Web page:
The cumulative impact of good conservation work | Editorial

The region’s salmon are a powerful emblem, a metaphor for life in the Pacific Northwest. As fish go, they’re mighty creatures — wide-ranging and strong, dramatic and almost mythic in the sweep of their lives.

And because of the complexity of their life cycle, their habitat needs are varied and vast. They’re born in freshwater streams, linger as juveniles in saltwater estuaries, then venture into the wide-open waters of Puget Sound and the Pacific Ocean for several years before returning to their natal stream to spawn and die.

Protect habitat for salmon, and you’ve safeguarded places that a wide range of animals need. Protect habitat for salmon, and you’re protecting the maritime Northwest.

Vashon factors into this picture in a significant way. In central Puget Sound, we’re very nearly it — one of the few places left with long stretches of unarmored shoreline, healthy eelgrass beds and saltwater-inundated estuaries.

And thanks in large part to the diligence of the Vashon-Maury Island Land Trust and King County, Vashon offers up another critical piece in this complex picture — miles of clean, naturally flowing freshwater streams where central Puget Sound salmon can find the gravel beds they need to lay their eggs.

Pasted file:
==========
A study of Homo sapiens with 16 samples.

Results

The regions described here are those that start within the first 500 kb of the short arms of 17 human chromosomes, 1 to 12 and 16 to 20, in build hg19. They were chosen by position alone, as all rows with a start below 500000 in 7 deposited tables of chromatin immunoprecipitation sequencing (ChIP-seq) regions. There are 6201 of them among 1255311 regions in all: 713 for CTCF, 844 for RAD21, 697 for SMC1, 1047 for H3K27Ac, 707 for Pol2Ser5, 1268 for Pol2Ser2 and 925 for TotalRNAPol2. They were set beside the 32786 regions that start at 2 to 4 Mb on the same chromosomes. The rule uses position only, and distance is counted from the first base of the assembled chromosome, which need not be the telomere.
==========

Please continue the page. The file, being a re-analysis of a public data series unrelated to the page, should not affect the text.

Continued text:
The land trust and the county have been working methodically to protect Judd Creek, our biggest watershed, for the last several years, piecing together a mosaic of properties that is beginning to represent serious and far-reaching conservation.

Taken individually, these purchases along Judd Creek don’t capture the same kind of attention as other conservation efforts. The restoration work that follows — building fences, for instance, to keep cattle out of the stream — is tedious and slow-going.

But the cumulative impact of this work is significant. As a result of the combined efforts of the county and the land trust, two miles of Judd Creek and its tributaries are now protected. Thousands of native trees and shrubs have been planted. Cattle are no longer wading through the stream. And this year, more than ever, there’s indication this work is beginning to pay off.

The dramatic increase in coho salmon — a run considered highly imperiled — is likely due to La Niña-influenced ocean conditions, a change in water temperatures that is producing more prey for salmon and pushing the coho farther south. What’s exciting is that those fish have decent habitat to return to: a stream with plenty of gravel, clean water, pools and eddies, overhanging trees and shrubs.

So if you find yourself near the shores of Judd Creek with a few minutes to spare, walk along its bank and peer into its clear waters. And should you see one, cheer for that coho salmon, a symbol of ecological repair in a wounded world.